November 2, 1996
US Polls Result will have Little Effect on Dow, says Expert
by Fred Tam
Of late there is much talk in the investment circle on the after-effect of the coming US presidential elections on the US stock market and by logical extension, the world stock markets, including Malaysia.
Many market forecasters are warning of a sharp correction if not a mini-crash by 50% or more immediately after the US presidential elections. Much as this call by the doomsday forecasters are nothing new (as they have called for a “crash” on the Dow ever since it rose above 3,600 points), investors and fund managers are nevertheless taking a cautious stand “just in case” by chance they’re proven correct.
On the other side of the fence are also analysts and investors who believe otherwise. But of the so many proponents of a higher Dow that I chanced to read, one man came across loud and clear about his stand on the effects of the US presidential elections on the Dow and by extension our local market. I would like to share his views with you in this issue.
His name is Mr. Martin A. Armstrong, founder and chairman of Princeton Economic International Ltd. Some of you may have already heard of him from his commentaries on the Bloomberg Internet. But for others, like myself. it was a first meeting with this innovative thinking “techno-economist” at the 9th Annual Conference of the International Federation of Technical Analysts (Ifta) held in Amsterdam last weekend.
What is interesting about Mr. Armstrong is his methodologies of the financial market and his eloquence and logic in applying his unique brand of “techno-economic” analysis which “combines technical, cyclical, quantitative and international forms” to the stock markets.
Armstrong was very certain when asked to comment on the effects of next week’s US presidential elections on the Dow.
“The outcome will have little effect. The Dow will continue to rise because it is particularly linked with the fate of the US dollar at this time. Sharp movements in the dollar will be accompanied by sharp movements in the Dow. As the dollar strengthens, this will keep the foreign buying coming into the US market thus providing good underlying support,” says Armstrong.
How many analysts see a link between a country’s currency and its stock market? Those who do will share one of the methodologies of Armstrong because he believes that since the world trend is now shifting towards “floating exchange rates” system, he feels there is a strong co-relationship between a country’s currency and its stock market. He therefore advises not to ignore the currency markets.
To him, international capital flows (into or out of a stock market) stems from investments which will in turn be attracted by a strong currency.
Fore the immediate term, Armstrong sees a strong US dollar and an accompanying major high, near the 10,000 level, for the Dow by June 1998.
On the question of whether the Dow is not already overpriced by now, he uses some “adjusted for inflation” Dow Jones charts by way of illustration.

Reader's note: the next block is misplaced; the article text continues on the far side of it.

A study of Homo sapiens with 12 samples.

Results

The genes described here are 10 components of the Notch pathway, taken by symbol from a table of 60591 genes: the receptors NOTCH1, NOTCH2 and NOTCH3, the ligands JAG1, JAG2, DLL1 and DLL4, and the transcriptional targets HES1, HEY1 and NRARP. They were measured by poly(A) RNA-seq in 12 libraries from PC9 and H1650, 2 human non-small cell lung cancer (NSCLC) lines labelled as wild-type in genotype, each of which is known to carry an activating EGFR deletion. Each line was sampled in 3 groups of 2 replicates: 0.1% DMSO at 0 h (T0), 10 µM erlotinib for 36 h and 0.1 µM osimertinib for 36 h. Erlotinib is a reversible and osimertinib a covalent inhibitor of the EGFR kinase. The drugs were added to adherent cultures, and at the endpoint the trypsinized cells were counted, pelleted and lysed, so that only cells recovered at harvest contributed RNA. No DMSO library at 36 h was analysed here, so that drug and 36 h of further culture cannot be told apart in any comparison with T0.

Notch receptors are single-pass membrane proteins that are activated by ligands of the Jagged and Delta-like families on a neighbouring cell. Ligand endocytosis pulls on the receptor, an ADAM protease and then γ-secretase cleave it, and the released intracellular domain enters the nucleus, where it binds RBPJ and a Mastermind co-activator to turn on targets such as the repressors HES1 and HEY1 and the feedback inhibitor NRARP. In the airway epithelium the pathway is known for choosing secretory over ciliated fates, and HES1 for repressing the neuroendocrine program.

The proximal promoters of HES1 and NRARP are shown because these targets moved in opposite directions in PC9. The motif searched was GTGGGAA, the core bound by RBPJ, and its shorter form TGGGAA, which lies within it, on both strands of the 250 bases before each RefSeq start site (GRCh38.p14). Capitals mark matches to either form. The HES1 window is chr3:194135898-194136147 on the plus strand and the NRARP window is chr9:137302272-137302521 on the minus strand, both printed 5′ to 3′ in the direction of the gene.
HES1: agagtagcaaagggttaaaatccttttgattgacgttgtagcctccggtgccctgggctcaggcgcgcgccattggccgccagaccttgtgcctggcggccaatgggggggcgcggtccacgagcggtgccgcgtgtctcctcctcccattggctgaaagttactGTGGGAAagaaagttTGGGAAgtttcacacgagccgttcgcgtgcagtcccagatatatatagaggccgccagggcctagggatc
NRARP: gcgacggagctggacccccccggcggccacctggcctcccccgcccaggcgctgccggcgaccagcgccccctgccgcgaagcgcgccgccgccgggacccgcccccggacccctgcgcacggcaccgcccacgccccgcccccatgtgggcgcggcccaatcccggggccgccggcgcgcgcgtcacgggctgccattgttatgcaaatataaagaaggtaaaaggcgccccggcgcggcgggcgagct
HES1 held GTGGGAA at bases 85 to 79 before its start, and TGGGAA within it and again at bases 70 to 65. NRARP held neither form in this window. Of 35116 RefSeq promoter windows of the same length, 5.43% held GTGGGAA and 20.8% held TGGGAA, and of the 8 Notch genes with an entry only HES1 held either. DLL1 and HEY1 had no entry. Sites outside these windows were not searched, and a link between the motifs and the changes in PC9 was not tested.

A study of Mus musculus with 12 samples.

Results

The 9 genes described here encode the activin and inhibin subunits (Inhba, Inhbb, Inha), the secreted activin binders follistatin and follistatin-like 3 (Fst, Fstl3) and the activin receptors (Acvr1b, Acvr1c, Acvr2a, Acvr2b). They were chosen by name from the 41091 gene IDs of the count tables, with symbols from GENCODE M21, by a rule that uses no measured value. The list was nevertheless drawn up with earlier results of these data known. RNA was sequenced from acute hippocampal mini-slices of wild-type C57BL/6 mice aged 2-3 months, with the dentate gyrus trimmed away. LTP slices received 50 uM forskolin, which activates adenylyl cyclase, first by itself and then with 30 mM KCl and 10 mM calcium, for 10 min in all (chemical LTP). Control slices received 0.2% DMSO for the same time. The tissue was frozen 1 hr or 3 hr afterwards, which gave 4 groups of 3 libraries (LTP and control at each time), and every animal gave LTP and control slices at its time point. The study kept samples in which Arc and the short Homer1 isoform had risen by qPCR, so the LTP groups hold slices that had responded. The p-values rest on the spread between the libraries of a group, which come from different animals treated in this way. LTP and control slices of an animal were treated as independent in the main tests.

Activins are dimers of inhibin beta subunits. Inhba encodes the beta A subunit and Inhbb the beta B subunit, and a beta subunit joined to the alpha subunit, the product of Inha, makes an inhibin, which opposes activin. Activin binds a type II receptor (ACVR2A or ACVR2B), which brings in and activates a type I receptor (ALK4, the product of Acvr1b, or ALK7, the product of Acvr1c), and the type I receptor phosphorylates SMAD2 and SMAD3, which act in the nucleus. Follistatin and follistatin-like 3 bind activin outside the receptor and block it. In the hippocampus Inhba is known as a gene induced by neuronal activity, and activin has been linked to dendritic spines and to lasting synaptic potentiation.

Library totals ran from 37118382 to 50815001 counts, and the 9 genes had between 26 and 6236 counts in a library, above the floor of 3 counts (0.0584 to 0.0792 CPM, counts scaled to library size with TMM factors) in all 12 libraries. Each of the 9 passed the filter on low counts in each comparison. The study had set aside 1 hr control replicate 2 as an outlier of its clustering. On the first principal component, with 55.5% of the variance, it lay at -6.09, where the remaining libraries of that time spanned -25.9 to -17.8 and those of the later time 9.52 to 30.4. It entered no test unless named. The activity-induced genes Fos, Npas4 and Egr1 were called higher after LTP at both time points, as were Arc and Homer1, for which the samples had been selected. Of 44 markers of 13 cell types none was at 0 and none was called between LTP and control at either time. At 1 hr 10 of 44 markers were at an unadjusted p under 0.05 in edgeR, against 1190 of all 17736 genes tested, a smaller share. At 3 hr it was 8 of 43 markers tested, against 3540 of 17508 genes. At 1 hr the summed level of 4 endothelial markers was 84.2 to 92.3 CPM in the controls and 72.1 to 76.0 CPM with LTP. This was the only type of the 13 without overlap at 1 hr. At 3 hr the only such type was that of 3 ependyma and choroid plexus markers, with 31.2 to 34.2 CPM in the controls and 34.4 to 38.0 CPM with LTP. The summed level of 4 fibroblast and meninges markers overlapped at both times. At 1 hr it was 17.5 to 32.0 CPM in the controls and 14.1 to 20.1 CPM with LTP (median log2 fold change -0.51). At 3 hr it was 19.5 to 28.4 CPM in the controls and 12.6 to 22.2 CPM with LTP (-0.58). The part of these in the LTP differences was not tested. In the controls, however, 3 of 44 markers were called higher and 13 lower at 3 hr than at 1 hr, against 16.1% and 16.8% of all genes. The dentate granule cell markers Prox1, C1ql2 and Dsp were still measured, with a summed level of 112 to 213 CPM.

“Clearly, the nominal value of the Dow may appear to be way overvalued, but in reality, the Dow is still catching up with the rest of its economy. By this we mean that since 1980, the Dow has risen from 1,000 to 6,000.
“The national debt has also risen from US$1 trillion (US$=RM2.53) to nearly US$5.2 trillion. It is impossible to see the Dow crash by 50% or more as many doomsday forecasters portray. What they are not taking into consideration when comparing current chart patterns with those of the past is the fact that the past represented a stable and single world currency—namely gold. Today, the nominal value of the Dow is actually not way overvalued given the vast increase in the money supply as a whole.”
And finally, he says there’s a myth that there is a direct relationship between interest rates and stock market performance.
If player’s confidence is high (for e.g. they expect the stock market to double) they will gladly pay high interest, even, say 50%. It is therefore not true to say a rise in interest rates will necessarily result in a fall in stock prices.
Lastly, on when a stock market will peak or top-out, here’s his answer. The stock market will peak when the perceived NET DIFFERENCE between market expectations and the level of current interest rates converge. As long as there is a wider differential between the level of interest rates and the rate of advance in the stock market, a simple rise in the underlying interest rate will NOT result in a decline within the stock market.
KLCI’s current positive trend is proof that fund managers have a positive view about the direction of the Dow. If at all there were market fears of a “crash” in the Dow, this fear would have been reflected in our own KLCI but it is not there.
If the strength of a nation’s currency contributes to the health of its stock market as Armstrong professes, then the ringgit’s performance is something that we can be proud of. At RM2.50 to US$1, we cannot complain. And if it can strengthen further, so should our stock market.
And readers should not worry too much about our Bank Negara’s rumored interest rate rise. Even if it is so, we now know that a rate increase need not result in a decline in stocks provided there is a wide differential between the level of interest rates and the rate of advance in our stock market. Can this be said of our second board?